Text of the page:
Most Haunted Places in San Francisco


Every place holds eerie tales of strange happenings, made even more unsettling by the fact that the stories stem from something real in the not-so-distant past. It's all fun and games until you find yourself covered in goosebumps driving past that rundown house or hiking through that pitch-black neck of the woods alone...
As Halloween rolls around, we dare you to scope out some of San Francisco's best haunted places. They're probably right in your neighborhood. However, beware! Of going by yourself...

The Suicides of Sutro Forest
Today, the misty woods of Sutro Forest are one of San Francisco's most beautiful places to hike, but in 1904, the forest was so dark and so secluded, people would often go there for one thing: suicide. Eventually, some unlucky hikers stumbled upon the gruesome sight of decomposed bodies hanging from the trees. The forest was so dense that several bodies hung among the trees for weeks before they were found. Locals agree the forest is indeed haunted; I mean, what else would explain the sounds of hair-raising moans or shadowed figures shifting through the trees?

Chinese Immigrants of Cameron House
A red and gold charm hangs from every door in the Cameron House to seal in the spirits of immigrants who haunt this place...
In the 1880's, a 19-year-old missionary named Donaldina Cameron traversed the city, rescuing illegal female Chinese immigrants from violent and often short-lived lives of prostitution. The building served as a safe house for these young girls, where they were housed and cared for in their vulnerable states. The house though, was frequently under siege, both by brothel owners and immigration police alike. When the Cameron House was rebuilt after the 1906 earthquake, Donaldina made sure that the basement was newly constructed with hidden passages for the girls to hide. Tragically, the young girls burned to death behind the locked doors of these basement passages when locals set fire to the home. Their broken souls still haunt the premises, granting chilling appearances to guests and staff members alike.

Young Mr. Tarr of Curran Theater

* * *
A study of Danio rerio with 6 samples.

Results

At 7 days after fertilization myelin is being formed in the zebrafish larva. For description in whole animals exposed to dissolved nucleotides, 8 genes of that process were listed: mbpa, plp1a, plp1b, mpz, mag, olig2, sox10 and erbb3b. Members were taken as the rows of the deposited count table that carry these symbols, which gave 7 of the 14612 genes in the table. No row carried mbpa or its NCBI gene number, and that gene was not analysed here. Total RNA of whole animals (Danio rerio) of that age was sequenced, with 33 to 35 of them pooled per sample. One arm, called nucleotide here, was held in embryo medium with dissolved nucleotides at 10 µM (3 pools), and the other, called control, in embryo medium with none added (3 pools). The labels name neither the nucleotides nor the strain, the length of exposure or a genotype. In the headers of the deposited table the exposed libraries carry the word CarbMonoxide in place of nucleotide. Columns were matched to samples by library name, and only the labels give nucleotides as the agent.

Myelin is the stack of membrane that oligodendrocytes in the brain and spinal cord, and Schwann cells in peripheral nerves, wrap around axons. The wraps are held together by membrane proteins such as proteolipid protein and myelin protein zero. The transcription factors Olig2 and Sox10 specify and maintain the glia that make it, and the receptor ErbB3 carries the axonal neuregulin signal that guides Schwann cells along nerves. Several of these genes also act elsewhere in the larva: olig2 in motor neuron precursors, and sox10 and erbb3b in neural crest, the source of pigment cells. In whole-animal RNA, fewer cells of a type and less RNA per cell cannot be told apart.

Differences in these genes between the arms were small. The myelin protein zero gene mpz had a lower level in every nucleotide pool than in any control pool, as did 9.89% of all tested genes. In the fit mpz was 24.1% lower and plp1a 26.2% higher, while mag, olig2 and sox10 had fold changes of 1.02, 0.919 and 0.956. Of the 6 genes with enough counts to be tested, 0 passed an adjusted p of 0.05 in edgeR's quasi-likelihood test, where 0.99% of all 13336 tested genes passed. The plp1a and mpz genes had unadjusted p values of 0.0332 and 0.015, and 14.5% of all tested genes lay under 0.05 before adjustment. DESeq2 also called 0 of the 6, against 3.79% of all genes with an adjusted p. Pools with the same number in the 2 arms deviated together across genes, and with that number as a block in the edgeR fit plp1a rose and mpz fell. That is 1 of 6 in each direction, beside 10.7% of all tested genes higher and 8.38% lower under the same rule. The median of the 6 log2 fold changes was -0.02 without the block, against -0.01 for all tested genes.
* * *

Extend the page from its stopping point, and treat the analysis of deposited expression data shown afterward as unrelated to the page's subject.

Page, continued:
In 1922, young Hewlett Tarr was working at the Curran Theater box office when Eddie Anderson attempted to rob the theater. On his way out, Anderson's gun accidentally fired and killed Mr. Tarr. Tarr has not left the theater ever since. He hangs around the lobby, showing his visage, as he chooses, in the reflection of the large mirror that hangs near the entrance.

Miss Mary Lake of Queen Anne Hotel
The hospitable ghost of Miss Mary Lake, the headmistress of the 1890's All-Girls Boarding School, now known as Queen Anne Hotel, is said to haunt rooms 410 and 414 because she was not ready to give up her school when it was purchased by another buyer. Guests report having their pillows fluffed, bags mysteriously unpacked for them, and even being tucked into bed.

The Woman in White at Stow Lake
Decades ago, a young woman was walking her baby in a stroller around Stow Lake when she became tired and sat down on a bench to rest. Another woman joined her, but while they were chatting, the stroller silently rolled into the lake. When the woman realized her baby was gone, she panicked and dashed around Stow Lake for hours, asking strangers if they had seen her baby. According to the legend, the frantic mother eventually jumped into the lake and was never seen again. Late at night, she stalls cars, moves the statue on the lake, and approaches you in a white dress, asking you if you've seen her baby.



Christina Wong is a Bay Area native who loves to travel the world, but always finds her way back to California.